He was something of a cult writer at first, slowly building up a following for his unconventional spy thrillers but now, after a decade or so, he is sailing steadily in the mainstream.

I haven’t read much of the spy grandmasters John le Carré and Ian Fleming, finding the conventions of drops, blinds, double-blinds, moles, honey traps, and so on just annoying. Give me a tense, twisty psychological thriller any day. I prefer unreliable narrators to unreliable agents.

Herron is something else entirely. For one, he has a sardonic humour that sometimes spins off into real farce, and for another, his main characters are absolute failures rather than the usual heroic operatives. They are known as the “slow horses” — an assorted group of MI5 has-beens — not because they are old but because they have screwed up so spectacularly that they have been removed from HQ. They can’t be released back into the real world, so are sent to a dismal halfway house, the Slough House of the title. It is a nasty, suppurating building in which the mugs are always dirty and mould blooms on the walls, and disgrace is thick in the air.

The slow horses plod along, eking out their days on mindless research tasks and squabbling among themselves. Among them there’s a recovering alcoholic; a delusional narcissist who’s a cyber genius; a cokehead with an anger problem who likes to dance in clubs; a young man who has shamed his family’s proud MI5 record, and so on. Over them all looms, or rather, lurks, one Jackson Lamb.

Lamb is one of contemporary fiction’s unique characters: a morbidly obese, smoking, farting oaf who lives on tumblers of Scotch and boxes of Chinese takeaways. He is appallingly bigoted and scathingly-tongued. Here he is addressing one of his broken-down steeds: “So, any nasty eyes tracking your private pleasures last night? Or were you too busy playing the old ham banjo to notice?”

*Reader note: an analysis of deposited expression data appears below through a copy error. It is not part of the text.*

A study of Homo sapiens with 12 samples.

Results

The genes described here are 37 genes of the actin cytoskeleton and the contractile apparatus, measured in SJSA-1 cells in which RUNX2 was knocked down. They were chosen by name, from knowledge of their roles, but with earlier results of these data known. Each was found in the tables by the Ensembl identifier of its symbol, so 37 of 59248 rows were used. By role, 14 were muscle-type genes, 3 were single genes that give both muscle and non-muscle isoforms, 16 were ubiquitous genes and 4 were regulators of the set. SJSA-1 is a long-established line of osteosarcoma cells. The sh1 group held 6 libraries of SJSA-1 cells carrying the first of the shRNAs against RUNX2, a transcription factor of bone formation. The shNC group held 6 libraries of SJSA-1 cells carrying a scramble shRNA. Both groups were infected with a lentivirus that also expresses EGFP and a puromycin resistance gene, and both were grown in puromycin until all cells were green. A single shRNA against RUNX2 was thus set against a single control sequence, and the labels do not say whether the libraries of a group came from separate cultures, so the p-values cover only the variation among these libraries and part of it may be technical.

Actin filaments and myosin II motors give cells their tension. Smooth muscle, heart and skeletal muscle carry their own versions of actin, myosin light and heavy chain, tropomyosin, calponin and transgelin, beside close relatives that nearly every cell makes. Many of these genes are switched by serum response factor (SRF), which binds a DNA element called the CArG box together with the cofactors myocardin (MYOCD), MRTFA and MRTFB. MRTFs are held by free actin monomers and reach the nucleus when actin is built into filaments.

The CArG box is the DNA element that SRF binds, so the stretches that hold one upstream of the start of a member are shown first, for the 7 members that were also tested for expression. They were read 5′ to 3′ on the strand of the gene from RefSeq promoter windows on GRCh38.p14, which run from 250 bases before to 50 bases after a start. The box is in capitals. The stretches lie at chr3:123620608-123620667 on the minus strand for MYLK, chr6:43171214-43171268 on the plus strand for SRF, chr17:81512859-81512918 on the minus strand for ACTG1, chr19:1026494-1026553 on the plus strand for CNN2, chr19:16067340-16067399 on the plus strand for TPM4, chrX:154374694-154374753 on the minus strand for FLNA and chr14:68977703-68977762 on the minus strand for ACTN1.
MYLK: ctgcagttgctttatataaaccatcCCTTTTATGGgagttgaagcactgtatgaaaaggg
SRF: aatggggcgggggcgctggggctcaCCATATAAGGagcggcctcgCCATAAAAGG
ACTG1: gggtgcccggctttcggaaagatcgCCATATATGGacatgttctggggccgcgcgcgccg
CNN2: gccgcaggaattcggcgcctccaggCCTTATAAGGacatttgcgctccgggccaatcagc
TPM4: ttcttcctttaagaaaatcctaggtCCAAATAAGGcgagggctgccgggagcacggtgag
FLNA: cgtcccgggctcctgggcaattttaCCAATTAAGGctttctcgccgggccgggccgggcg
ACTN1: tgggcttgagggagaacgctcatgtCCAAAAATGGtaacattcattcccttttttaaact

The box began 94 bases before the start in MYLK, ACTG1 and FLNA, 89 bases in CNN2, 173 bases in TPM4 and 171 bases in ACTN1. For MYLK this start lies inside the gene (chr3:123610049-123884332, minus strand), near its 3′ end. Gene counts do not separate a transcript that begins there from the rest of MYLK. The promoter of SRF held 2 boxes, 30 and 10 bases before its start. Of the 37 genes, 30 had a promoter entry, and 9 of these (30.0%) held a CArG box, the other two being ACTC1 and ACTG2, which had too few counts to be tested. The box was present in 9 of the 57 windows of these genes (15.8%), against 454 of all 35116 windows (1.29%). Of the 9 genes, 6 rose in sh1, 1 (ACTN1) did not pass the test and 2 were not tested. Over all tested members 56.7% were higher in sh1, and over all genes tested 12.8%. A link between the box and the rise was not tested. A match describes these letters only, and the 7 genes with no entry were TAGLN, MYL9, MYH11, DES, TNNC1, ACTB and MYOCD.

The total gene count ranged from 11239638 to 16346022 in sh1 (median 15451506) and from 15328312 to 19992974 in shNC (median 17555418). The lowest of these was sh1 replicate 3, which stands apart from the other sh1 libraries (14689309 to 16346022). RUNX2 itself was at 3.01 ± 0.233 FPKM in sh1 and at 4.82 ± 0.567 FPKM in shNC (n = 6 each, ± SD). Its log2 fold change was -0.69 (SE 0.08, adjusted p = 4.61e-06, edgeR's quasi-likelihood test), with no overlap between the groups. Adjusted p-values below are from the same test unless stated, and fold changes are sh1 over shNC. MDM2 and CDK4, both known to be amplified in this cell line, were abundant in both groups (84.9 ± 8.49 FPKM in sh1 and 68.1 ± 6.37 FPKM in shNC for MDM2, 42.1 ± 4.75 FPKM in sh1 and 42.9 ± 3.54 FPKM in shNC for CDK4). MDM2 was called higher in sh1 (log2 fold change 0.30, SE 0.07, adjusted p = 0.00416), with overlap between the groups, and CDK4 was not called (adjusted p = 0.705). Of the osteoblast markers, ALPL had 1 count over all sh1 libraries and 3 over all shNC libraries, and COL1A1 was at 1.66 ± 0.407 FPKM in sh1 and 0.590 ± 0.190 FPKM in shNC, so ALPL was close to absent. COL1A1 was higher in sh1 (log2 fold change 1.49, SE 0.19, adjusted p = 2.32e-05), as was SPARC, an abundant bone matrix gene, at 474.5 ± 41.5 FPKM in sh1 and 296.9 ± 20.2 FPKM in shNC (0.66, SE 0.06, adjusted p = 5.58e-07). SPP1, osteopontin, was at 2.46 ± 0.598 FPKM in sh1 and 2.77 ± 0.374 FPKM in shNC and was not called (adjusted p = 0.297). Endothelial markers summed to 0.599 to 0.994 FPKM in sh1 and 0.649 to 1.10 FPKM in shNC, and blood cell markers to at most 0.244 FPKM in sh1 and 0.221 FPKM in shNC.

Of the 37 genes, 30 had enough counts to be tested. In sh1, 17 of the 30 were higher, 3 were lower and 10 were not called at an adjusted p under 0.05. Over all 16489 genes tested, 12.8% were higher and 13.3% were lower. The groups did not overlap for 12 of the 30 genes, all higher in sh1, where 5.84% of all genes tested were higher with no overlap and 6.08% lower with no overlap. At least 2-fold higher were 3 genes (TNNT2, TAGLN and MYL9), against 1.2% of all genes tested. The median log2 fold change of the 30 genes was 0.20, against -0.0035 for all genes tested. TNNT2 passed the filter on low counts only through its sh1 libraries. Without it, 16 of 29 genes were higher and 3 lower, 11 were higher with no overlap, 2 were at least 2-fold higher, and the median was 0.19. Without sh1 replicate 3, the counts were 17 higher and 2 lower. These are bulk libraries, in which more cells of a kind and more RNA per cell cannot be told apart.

Lamb was a legendary spy in his day before he, too, bungled, and was sent to run Slough House as punishment. His opponent is the chief of intelligence Diana Taverner — “An older woman who wore her authority as she might an ermine gown: it kept her warm, and people noticed it.”

Of course, despite their ineptitude the slow horses win the day again and again over the course of the 10 books in the series.

In the latest, Slough House (John Murray), Taverner has ordered a hit in Russia after the Secret Service there killed a British citizen by Novichok poisoning. The Russians, in turn, have headed to the UK seeking vengeance, and Lamb’s hapless crew are being wrongfully targeted. For all his grossness, he has flashes of brilliance and guards his damaged joes fiercely.

Herron keeps us on edge by knocking off the odd horse in each book, so the danger they are in feels very real to the reader. Someone is going to be sleeping with the fishes by the end.

While Le Carré’s books reflected the morally ambiguous times of the Cold War, Herron’s are an expression of our own chaotic, corroding times. There are self-serving politicians, slimy bureaucrats, and malignant YouTube news anchors. There are home-grown terrorists, dodgy, yellow-vested agents provocateurs and cryptic mentions of “You-Know-What” (Brexit). But there are also the petty dramas of Slough House: in parts the books read like episodes of The Office, sad and painfully hilarious.

Herron, who came out to South Africa in the now almost forgotten days of book festivals and author dinners, is a placid and measured man. You couldn’t pick him out in a crowd if you tried. His background is deliberately vague: like Le Carré he is Oxford-educated and then worked as a sub-editor on some unnamed legal publication while scribbling detective stories in the evening. So convincing is Herron’s depiction of the intelligence world you’d swear that, like Le Carré, he worked for MI6. But he denies it every time he’s asked and insists he just does his research.

Slough House was completed before lockdown, and I’m back to drumming my fingers in anticipation of the next. In the meantime, a television adaptation called The Slow Horses is in production, starring Gary Oldman as Jackson Lamb and Kristin Scott Thomas as Diana “Lady Di” Taverner. We’ll have to be satisfied with that.

 From the May edition of Wanted, 2021.